I was on vacation doing the usual bright and early workout routine. I never walk, jog, bike or do yoga with the masses while I am at the beach — I prefer to wade in the ocean and make a few casts instead. I love to fish and I am on a mission this week in lovely Sea Isle City, NJ to catch an elusive Atlantic Bluefish with this artificial saltwater swim bait.
I've probably made 10,000 casts the past few days and my patience is running thin. But I am still very optimistic for a strike with every single retrieve. EXCUSE ME SIR. YOU CAN'T FISH HERE DURING 'NORMAL BEACH HOURS.' CONSIDER THIS YOUR LAST WARNING. WE TALKED ABOUT THIS YESTERDAY. Some Baywatch wannabe.
I've noticed many other fishermen who haven't had much success either. We say our casual morning hellos in passing, but never really chat. It's against all protocols to ask the locals for tips. Besides — they are all using these fancy saltwater rods rigged with this slimy and gooey squid. Something that is strictly forbidden with the professional anglers of the Lycoming Creek Chronicles. We never use live bait and if word would reach our few sponsors — they would pull their plugs immediately. #fishingpun.
At approximately 7:45 a.m., I witnessed some commotion just a few klicks to the north. I didn't pay much attention at first and continued casting from shore. But after a good 20 minutes, a small crowd had gathered around a fellow fisherman. He was either snagged on a rock or the lucky SOB just hooked up with a prehistoric sea creature.
I too was extremely intrigued and arrived on the scene at 8:15 a.m. I wasn't the only — one as there were ten others standing by hoping to catch a glimpse of this massive critter. What could it be? Shark? Giant tuna? We almost needed Jeremy Wade of “River Monsters” to help us determine what was on the other end of this guy's line. Speculation and excitement were circling the beach on 43rd Street. Something downright scary was just a hundred yards off of the shore.
"IT'S GOTTA BE A RAY," a local named Tom with a strong Jersey accent exclaimed. "A BIG ONE TOO. I'VE BEEN FIGHTING HER FOR A GOOD THIRTY MINUTES AND SHE AIN'T DONE." Lift. Pull. Crank. Crank. Lift. Pull. Crank.
By 8:45 a.m. my new fishing chum was ghastly tired. His forearms and back were screaming in pain. He had just battled this mysterious monster for an hour — but to no avail. The South Jersey native used all of his might and had nothing to show. Whenever he'd lift her from the bottom or get a few cranks in — the fish would go absolutely crazy and strip another 200 yards of line. She was winning.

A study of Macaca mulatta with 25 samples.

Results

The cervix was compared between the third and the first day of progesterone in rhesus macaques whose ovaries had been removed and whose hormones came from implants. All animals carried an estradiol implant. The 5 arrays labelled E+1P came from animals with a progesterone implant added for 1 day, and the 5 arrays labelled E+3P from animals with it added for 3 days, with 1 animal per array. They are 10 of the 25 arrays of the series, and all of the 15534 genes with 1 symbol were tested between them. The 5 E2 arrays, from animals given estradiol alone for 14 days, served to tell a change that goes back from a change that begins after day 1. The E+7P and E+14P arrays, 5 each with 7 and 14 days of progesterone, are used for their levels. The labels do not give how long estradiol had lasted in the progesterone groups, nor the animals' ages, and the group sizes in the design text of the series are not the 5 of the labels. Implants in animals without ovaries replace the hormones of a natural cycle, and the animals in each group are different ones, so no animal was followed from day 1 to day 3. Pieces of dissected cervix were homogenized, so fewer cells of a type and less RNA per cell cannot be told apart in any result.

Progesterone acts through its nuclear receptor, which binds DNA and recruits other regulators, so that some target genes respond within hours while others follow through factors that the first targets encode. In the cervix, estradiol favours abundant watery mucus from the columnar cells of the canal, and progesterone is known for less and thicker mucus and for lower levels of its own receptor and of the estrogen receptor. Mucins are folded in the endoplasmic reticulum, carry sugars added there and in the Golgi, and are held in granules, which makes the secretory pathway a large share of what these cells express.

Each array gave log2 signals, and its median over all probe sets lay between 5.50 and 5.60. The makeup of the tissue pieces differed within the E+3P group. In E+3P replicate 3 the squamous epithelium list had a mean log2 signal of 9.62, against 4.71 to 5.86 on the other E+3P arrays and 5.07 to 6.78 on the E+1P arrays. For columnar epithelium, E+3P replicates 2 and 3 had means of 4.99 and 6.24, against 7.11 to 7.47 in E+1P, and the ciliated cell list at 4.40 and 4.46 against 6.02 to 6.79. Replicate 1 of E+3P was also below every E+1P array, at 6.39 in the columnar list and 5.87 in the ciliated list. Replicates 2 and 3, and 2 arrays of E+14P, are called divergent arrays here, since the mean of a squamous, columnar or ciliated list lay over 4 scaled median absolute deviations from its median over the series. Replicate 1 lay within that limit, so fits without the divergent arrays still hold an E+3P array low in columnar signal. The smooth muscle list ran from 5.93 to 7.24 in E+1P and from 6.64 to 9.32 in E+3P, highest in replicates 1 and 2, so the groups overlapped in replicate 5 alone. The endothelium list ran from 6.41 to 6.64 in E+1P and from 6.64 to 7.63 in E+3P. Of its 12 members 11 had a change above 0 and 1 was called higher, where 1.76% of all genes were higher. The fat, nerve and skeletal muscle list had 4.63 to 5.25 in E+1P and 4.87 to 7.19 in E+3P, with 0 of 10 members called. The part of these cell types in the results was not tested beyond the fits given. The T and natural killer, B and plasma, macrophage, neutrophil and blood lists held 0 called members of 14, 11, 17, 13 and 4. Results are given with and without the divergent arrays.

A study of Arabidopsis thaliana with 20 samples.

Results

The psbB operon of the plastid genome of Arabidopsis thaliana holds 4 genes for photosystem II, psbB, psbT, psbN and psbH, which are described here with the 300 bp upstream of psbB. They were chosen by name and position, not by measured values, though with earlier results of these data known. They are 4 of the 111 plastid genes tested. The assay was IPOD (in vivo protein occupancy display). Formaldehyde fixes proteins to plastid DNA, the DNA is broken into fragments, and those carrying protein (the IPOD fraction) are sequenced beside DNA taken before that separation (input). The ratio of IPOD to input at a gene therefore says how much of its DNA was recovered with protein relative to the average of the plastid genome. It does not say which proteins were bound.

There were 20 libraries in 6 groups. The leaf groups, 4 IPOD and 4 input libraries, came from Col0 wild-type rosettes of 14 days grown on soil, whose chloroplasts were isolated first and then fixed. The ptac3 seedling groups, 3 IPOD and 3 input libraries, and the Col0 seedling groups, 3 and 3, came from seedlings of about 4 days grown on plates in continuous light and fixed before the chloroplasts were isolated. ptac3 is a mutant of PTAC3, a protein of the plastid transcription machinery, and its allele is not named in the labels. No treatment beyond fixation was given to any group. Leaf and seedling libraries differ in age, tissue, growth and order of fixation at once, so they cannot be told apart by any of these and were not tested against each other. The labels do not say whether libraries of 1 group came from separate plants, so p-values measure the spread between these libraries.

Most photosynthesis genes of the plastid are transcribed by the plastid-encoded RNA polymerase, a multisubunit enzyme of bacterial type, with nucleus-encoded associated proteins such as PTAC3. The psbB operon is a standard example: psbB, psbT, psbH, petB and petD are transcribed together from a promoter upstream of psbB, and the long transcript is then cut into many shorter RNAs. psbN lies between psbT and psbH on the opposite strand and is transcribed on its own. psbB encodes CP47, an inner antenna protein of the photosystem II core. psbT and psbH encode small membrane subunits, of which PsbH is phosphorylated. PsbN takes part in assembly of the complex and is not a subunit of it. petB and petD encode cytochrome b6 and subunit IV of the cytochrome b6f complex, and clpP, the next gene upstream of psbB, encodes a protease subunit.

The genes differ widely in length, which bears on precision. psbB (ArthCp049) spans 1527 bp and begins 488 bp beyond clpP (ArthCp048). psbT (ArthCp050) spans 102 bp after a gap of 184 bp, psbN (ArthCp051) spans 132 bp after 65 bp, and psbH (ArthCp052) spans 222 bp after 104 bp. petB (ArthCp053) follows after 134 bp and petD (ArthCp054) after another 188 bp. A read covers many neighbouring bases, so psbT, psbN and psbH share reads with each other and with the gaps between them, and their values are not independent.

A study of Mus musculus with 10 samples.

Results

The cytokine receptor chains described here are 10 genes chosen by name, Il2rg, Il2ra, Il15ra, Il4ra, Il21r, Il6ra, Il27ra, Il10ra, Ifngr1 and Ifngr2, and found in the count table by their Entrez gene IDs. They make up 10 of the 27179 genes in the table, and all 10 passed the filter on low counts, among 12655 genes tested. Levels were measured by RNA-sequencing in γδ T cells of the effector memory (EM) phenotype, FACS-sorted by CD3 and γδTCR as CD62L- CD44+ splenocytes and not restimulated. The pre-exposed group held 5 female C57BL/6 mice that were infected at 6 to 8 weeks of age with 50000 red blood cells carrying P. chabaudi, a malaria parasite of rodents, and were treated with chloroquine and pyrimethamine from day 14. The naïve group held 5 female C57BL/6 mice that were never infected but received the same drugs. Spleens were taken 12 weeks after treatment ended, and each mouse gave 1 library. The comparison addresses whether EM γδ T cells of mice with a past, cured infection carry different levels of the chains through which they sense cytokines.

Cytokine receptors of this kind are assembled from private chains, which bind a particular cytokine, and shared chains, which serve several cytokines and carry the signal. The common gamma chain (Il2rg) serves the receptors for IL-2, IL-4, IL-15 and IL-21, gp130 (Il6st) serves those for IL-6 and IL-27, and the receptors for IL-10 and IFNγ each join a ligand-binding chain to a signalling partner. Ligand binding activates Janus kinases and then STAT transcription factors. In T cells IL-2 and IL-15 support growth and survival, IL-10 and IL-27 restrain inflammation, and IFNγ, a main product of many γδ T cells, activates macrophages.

Tom looked to his friends in the gallery for some much needed help. A few of us jumped in so he could catch his breath. Tom even asked if I wanted a try — meaning I got to man his 10-foot, extra stiff rod for a grueling five minutes. I can't put into words how powerful this fish was. This wasn't a twenty-inch brown on Lycoming or a five-pound smallie on the Susquehanna. This fish was gigantic and it wouldn't budge.
I tried every trick in my arsenal and only managed to get back a few yards of Tom's 30lb. braid. But just when I was making actually some progress, the beast made a sudden turn and went off on another impressive run. She selfishly took back all the line I gained and then some. I was deflated.
It was now 9:30 a.m. and the epic battle was approaching two hours. Tom saddled up for one more valiant effort. His good friend Rich tightened the drag and began to crank extra hard while Tom applied more pressure by lifting the rod. They were both hoping this colossal fish had finally met its match and was ready to make an appearance. Yes. It was a major gamble to tighten the drag because if this monstrous sea creature made one more run it would certainly break the line. But this was the right call. They were both spent and they had to go all in.
But unfortunately, and just minutes later, Tom and Rich heard a loud snap and their fight was sadly done. The braided line was no match for this monstrous fish without a drag. They both looked defeated as these two men put up one heck of a fight. The small crowd cheered and thanked them for the morning dramatics on the beach. It was an epic battle that almost lasted two hours.
"I WAS ONLY HOPING TO GET HER TO SHORE," Tom explained. "I'M ALMOST POSITIVE THAT WAS GIANT RAY. I COULD FEEL HER DIGGING IN THE SAND AND WHEN I'D GIVE HER A TUG. SHE WANTED NO PART OF IT."
"YOU WIN SOME AND YOU LOSE SOME," he continued. "BUT THAT WAS JUST INSANE. I'VE BEEN FISHING FOR OVER 50 YEARS AND I NEVER FELT ANYTHING QUITE LIKE THAT. WHAT A STORY. DO YOU KNOW ANY WRITERS?" #cheers.